Zillow will be valued at more than $300 million after it goes public if the company is able to sell its shares for $12 to $14 each as planned, according to its latest filing with the Securities and Exchange Commission.

Zillow could raise about $45 million in its initial public offering of 3.46 million shares if they sell at the midpoint of that range.

The company would have about 27 million shares outstanding after the IPO and a simultaneous private placement, which would value the company at $350 million if those shares were worth $13 each.

Zillow’s S-1 registration statement and five subsequent amended filings have shed considerable light on the company’s business model and plans.

The filings show that since its inception in December 2004 the company has run up a cumulative deficit of $79.5 million through March 31.

Zillow will be valued at more than $300 million after it goes public if the company is able to sell its shares for $12 to $14 each as planned, according to its latest filing with the Securities and Exchange Commission.

Zillow could raise about $45 million in its initial public offering of 3.46 million shares if they sell at the midpoint of that range.

The company would have about 27 million shares outstanding after the IPO and a simultaneous private placement, which would value the company at $350 million if those shares were worth $13 each.

Zillow’s S-1 registration statement and five subsequent amended filings have shed considerable light on the company’s business model and plans.

The filings show that since its inception in December 2004 the company has run up a cumulative deficit of $79.5 million through March 31.

But Zillow looks to be headed toward profitability, having trimmed net losses from $21.2 million in 2008 to $12.8 million in 2009 and $6.8 million in 2010.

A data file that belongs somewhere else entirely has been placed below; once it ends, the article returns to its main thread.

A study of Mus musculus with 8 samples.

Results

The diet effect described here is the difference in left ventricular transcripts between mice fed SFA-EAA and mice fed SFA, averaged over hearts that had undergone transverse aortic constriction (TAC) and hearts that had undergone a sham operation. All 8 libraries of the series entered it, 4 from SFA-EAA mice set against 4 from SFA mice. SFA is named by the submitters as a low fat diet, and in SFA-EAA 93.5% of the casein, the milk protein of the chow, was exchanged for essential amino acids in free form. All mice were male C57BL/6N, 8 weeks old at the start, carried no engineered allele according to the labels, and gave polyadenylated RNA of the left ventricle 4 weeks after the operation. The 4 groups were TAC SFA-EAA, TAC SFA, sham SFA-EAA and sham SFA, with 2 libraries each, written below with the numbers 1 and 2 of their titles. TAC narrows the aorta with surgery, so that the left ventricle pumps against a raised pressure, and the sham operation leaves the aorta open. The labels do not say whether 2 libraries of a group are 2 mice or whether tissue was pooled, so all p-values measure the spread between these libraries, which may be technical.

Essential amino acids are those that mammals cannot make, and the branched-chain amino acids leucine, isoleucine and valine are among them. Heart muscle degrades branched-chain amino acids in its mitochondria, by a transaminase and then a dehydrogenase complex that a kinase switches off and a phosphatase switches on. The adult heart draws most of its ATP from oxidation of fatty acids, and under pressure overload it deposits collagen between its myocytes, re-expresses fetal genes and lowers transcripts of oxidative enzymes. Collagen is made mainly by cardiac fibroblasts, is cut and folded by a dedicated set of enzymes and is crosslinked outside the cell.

During the first three quarter of 2011, Zillow’s losses totaled $826,000, as revenue more than doubled from a year ago to $11.26 million.

The company has grown revenue by boosting traffic to Zillow.com — mobile apps have helped that effort — and by selling more ads to real estate agents and mortgage lenders. Under a partnership with Yahoo Real Estate, ads agents purchase through the "Premier Agent" program appear on both sites.

At the end of March, Zillow had 10,710 Premier Agent subscribers, up 32 percent from December and more than three times the 3,438 subscribers at the same time a year ago.

Zillow’s regulatory filings in preparation for an IPO reveal that display-ad revenue grew by 27 percent from 2009-10, to $17.2 million, and "marketplace revenues," including ads sold through the Premier Agent program and Zillow’s Mortgage Marketplace, were up 238 percent, to $13.2 million.

Marketplace revenues accounted for 43 percent of the company’s revenue in 2010, up from 22 percent in 2009.

The Premier Agent program offers agents targeted advertising on Zillow by ZIP code, at prices that vary based on a number of factors. An agent’s ratings, photo and contact information are featured alongside home profiles and listings in the relevant ZIP code, giving the agent exposure to home shoppers interested in homes in their subscribed ZIP code.

Premier Agent subscribers have access to program analytics, including detailed information on each contact and on clicks and impressions with respect to featured listings and showcase advertisements.

Zillow boasts that is has employed a "viral communications program" to grow website traffic to 22 million unique users during May 2011 "with virtually no advertising expense to date."

There are more than 1.8 million licensed real estate agents in the U.S., the company said, citing data published in April 2011 by the Association of Real Estate License Law Officials (ARELLO). Real estate agents and brokers spent an estimated $6.2 billion on residential advertising in 2010, Zillow noted, citing a report by Borrell Associates.